The best kept secret in Collier County schools isn't a secret anymore.
Tuesday, district staff outlined the College and Career Pathways Plan, which seeks to help students find a career path and expand opportunities for students over a three-year period.
The goal is to help students find out what they want to do after high school and address their needs, whether they directly enter the job market or continue onto technical schools, community colleges or universities.
The district previously developed a career education plan seven years ago. Joe Paterno, executive director of the Southwest Florida Workforce Development Board who was involved with both plans, said the goal back then was to "create the ultimate career and technical education program for Collier County."
While many of the recommendations were implemented seven years ago, including the development of the Lorenzo Walker Technical High School and the Immokalee Technical Center (iTECH), many were not due to funding, he said.
The current plan, which was developed through committees during the 2011-12 school year and was vetted through three community sessions, has more measurable goals, Paterno said. They are:
■ Increasing and expanding student interest in, exploration of and preparation to make career choices.
■ Providing clear pathways that lead to career or college readiness.
■ Developing and supporting academies in middle and high schools for all students.
■ Creating opportunities for students to get workforce and college preparation skills through technical and postsecondary courses.
■ Increasing community engagement and support of the district's career programs and students.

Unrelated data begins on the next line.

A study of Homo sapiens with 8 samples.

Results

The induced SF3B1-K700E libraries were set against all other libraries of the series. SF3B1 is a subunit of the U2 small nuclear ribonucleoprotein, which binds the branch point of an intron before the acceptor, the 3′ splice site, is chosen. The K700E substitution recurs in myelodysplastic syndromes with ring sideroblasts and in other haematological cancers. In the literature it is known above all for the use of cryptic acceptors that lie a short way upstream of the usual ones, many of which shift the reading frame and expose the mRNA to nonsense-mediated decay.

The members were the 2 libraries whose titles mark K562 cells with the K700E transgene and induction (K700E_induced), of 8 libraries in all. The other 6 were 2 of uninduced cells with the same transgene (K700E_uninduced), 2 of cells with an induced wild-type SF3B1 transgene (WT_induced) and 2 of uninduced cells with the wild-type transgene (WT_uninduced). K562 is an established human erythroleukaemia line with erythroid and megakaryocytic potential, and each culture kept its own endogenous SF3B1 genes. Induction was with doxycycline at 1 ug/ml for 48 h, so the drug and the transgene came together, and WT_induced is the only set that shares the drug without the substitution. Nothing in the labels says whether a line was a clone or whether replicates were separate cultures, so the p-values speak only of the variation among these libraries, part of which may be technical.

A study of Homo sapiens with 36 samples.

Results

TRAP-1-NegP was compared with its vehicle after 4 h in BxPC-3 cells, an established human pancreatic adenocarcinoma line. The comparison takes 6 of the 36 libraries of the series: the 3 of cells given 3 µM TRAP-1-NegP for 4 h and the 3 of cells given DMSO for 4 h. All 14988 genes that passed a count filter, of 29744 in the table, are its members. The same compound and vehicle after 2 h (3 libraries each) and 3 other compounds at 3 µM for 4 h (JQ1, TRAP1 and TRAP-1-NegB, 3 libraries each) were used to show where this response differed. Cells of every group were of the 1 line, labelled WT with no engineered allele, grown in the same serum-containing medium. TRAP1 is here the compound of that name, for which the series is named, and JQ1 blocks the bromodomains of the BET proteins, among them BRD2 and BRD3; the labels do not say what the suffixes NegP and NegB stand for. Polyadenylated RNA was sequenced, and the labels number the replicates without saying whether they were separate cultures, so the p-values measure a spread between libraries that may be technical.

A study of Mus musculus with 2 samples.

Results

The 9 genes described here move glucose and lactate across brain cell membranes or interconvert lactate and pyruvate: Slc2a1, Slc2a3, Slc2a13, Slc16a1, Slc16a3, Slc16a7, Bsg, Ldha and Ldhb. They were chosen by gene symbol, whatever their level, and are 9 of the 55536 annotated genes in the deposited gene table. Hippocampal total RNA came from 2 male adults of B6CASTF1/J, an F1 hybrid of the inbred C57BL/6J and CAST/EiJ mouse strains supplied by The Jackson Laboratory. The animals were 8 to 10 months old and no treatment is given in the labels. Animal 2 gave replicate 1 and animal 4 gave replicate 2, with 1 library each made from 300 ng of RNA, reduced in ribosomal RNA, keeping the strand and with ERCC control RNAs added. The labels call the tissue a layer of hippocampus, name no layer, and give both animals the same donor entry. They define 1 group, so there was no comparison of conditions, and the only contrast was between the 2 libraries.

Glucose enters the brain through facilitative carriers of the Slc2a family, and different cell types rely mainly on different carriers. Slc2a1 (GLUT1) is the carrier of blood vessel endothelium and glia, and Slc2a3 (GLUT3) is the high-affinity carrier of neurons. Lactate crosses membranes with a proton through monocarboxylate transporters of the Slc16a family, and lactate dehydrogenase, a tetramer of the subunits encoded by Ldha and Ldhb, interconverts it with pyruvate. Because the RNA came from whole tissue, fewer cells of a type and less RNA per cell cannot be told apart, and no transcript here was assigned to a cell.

■ Increasing schools' abilities to fully integrate both career skills and academic standards in the curriculum, including adding career counselors and academy teachers.
■ Communicating a clear vision and developing a strong infrastructure to support schools, staff and students to achieve their goals.
The idea, Paterno said, is to guarantee students have the opportunity to find a career path no matter where they go to school.
Chief Instructional Officer Beth Thompson said the district plans to bring career education all the way down to the elementary school level by talking about different jobs and working with students to improve skills like communication and problem solving.
The plan addresses career and technical programs in the middle schools and high schools, as well as dual enrollment opportunities for high school students at Lorenzo Walker Institute of Technology and iTECH. The district will also require schools wanting to add career programs to vet those ideas through a development committee, which includes 10 community members.
Still, district officials said the plan would involve costs, although the exact cost is not known. Thompson said the district is hopeful some of the costs can be offset should the district receive another Race to the Top grant, which it is applying for this fall.
Board Chairman Roy Terry also was concerned about funding and how students would balance career education with a state requirement that students pass end of course exams in certain classes like algebra.
"To carry out this plan, we might have to look at creative ways to do it, including adding another class period to the school day," he said.
School Board member Julie Sprague said the plan was "more meaningful" than the one the district had seven years ago.
"It's a good road map for us," she said. "But I am nervous about the money issue and the scheduling issue."
The board will vote to approve the plan at it's meeting, which starts at 4 p.m. Tuesday, Sept. 11.